As this website predicted on the day after the Scottish elections, the Offensive Behaviour at Football Act is just about dead in the water.
Yesterday the opposition parties in the Holyrood Parliament came together to announce that it will be consigned to the history books.
Newspapers, and the SNP, had labelled this an “anti-sectarianism” bill.
It was nothing of the sort.
Instead, it was an anti-free speech bill, and an anti-football supporter one, which criminalised political expression at games where it would otherwise have been perfectly legal. The logical step, had this bill been renewed, wouldn’t have been to roll back certain elements of it, it would have been to extend it so certain political expression was outlawed everywhere.
It is one of the most regressive pieces of legislation ever enacted by a government in the West during peacetime, and I make no bones about saying that. Criminalising songs? But only in the context of football? What was that if not an assault on fans themselves?
What was it if not an unacceptable constraint on civil liberties?
The law is about to be ditched.
The SNP lost their Holyrood majority earlier this month, in spite of winning the most seats in the Parliament. There was always talk of certain members – James Kelly in particular – being ready to table motions to deliver the Bill to the bin; today he has made the first move in that direction.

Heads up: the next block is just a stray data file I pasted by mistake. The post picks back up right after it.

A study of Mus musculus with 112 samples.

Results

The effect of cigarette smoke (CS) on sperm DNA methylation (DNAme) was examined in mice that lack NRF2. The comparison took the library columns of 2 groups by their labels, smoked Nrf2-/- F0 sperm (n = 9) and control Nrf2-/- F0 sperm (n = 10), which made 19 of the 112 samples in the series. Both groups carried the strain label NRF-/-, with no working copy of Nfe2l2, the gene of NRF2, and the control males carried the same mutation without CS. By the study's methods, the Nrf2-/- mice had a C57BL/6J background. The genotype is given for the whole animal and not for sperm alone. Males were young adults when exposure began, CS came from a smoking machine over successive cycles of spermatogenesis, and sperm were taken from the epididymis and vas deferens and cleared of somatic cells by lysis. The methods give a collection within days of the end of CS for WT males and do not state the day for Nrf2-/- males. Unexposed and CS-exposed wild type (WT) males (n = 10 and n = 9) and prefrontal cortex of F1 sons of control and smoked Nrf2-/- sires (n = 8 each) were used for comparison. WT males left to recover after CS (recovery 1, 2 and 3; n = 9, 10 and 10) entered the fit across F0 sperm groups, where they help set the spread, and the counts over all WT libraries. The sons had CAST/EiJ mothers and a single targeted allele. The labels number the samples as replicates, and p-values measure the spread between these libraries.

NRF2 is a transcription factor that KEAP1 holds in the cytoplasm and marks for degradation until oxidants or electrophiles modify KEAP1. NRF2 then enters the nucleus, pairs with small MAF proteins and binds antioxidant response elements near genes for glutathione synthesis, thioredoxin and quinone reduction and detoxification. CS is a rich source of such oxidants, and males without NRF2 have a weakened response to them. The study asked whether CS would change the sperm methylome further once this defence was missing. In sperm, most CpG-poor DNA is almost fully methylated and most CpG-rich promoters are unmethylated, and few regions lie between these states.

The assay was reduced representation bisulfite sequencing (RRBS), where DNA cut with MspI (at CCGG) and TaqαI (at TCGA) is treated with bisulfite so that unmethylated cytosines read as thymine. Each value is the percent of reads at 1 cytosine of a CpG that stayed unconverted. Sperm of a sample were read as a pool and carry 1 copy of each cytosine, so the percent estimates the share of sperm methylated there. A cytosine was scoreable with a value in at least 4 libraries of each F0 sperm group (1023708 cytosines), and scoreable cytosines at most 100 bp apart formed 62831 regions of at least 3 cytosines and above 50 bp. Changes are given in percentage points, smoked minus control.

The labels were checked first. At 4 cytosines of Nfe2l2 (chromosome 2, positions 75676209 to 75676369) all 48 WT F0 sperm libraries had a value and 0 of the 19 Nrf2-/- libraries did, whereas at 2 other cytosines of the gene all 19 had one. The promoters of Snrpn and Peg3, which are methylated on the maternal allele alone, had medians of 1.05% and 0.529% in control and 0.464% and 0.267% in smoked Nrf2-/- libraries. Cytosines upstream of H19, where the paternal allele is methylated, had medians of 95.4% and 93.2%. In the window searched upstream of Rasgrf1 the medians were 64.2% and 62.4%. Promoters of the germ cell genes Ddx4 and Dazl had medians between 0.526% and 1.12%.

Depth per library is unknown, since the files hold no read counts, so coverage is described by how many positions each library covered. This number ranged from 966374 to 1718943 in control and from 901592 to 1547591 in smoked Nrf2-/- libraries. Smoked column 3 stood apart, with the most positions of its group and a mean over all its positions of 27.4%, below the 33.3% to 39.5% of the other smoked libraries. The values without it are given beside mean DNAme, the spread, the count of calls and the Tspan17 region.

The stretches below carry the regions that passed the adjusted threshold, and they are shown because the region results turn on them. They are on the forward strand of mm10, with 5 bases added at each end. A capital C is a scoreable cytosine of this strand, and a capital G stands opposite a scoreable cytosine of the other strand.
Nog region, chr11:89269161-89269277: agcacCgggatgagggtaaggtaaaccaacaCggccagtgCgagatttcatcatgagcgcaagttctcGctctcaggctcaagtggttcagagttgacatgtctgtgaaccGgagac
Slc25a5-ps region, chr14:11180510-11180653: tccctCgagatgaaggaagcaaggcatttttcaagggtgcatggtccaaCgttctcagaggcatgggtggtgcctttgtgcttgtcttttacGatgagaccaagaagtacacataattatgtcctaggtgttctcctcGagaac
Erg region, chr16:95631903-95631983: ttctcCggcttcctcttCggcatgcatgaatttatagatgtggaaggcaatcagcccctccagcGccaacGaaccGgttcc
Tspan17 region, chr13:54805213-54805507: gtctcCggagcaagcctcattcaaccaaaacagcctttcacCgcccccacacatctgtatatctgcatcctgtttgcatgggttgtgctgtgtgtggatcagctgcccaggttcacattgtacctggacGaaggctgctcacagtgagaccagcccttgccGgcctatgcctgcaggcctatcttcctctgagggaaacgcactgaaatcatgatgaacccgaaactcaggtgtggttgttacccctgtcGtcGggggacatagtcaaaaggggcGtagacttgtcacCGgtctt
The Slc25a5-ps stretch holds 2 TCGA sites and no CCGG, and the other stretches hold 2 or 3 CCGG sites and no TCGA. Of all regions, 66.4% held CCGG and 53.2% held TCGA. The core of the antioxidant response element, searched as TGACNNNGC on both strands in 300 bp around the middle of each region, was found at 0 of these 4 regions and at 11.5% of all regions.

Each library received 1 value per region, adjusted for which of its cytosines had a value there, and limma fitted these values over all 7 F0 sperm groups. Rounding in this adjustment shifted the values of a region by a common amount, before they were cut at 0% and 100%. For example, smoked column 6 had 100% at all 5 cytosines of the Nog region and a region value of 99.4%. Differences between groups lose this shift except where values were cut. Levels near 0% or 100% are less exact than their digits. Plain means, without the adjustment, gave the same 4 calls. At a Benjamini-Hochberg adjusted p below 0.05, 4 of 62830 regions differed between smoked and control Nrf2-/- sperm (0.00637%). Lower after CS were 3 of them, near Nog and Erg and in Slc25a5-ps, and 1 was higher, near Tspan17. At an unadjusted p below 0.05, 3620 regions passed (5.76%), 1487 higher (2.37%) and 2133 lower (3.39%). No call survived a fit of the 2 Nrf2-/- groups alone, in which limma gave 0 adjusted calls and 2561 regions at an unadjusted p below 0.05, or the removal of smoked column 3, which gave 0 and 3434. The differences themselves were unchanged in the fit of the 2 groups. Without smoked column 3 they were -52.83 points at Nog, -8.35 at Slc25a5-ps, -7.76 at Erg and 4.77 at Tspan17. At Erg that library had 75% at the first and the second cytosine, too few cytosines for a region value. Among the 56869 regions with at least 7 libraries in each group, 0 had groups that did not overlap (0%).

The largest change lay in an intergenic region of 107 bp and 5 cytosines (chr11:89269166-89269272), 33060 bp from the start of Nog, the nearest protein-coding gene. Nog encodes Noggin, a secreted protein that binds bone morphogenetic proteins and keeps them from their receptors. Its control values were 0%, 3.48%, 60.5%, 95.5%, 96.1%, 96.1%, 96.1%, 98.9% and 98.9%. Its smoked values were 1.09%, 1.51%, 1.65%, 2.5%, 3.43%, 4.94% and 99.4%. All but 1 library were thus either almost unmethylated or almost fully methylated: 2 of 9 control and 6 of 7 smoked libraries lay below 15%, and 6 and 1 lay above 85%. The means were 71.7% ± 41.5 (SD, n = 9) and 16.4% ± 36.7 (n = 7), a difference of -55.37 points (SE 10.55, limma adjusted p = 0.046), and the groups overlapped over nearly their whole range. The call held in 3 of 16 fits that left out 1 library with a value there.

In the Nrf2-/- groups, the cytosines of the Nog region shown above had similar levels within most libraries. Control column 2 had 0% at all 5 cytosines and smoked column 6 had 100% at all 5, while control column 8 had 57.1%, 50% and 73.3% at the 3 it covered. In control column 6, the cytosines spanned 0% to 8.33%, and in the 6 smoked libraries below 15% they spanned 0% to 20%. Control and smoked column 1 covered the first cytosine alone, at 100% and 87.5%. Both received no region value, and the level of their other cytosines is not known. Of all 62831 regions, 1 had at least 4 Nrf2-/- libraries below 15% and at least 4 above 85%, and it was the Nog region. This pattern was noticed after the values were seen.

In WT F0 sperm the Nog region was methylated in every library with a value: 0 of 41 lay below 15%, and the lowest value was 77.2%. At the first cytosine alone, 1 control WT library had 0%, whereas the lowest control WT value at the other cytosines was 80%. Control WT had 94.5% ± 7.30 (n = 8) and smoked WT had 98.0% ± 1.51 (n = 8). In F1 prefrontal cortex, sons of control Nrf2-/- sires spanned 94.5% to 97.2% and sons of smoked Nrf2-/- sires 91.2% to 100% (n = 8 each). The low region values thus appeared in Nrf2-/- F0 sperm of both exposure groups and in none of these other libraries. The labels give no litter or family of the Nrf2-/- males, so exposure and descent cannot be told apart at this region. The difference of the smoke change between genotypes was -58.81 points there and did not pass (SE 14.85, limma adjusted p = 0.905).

The Offensive Behaviour Act will be no more.
This brings to an end one of the most controversial sagas in the recent history of the game here. A product of the so-called Shame Game, where Rangers players behaved like thugs, their manager provoked the Celtic boss into a touchline confrontation, but where only Neil Lennon was subsequently found guilty of anything, this Bill turned into criminals a lot of young men and women who otherwise might never have entered the justice system.
Its repeal does not end their fight for justice, or the campaign to have certain police officers charged for their own appalling behaviour whilst it was law, but it brings to an end the persecution of football fans under this particular locus.
It also ends all debate and discussion over whether this was ever a law to combat sectarianism.
It certainly was not.
That issue has deeper roots than mere football, as anyone who’s ever checked out certain swampy pages on Facebook or trawled the sewer of Twitter can attest.
Football is often a convenient hiding place for bigots. Politics is another.
I don’t think you need experience in that particular field to read between the lines of what I’m saying there.
The days of “equalising” genuine hate speech by going after certain forms of political expression are well and truly over … but we won’t forget the people who pushed hardest for this law and their stated reasons why it was required.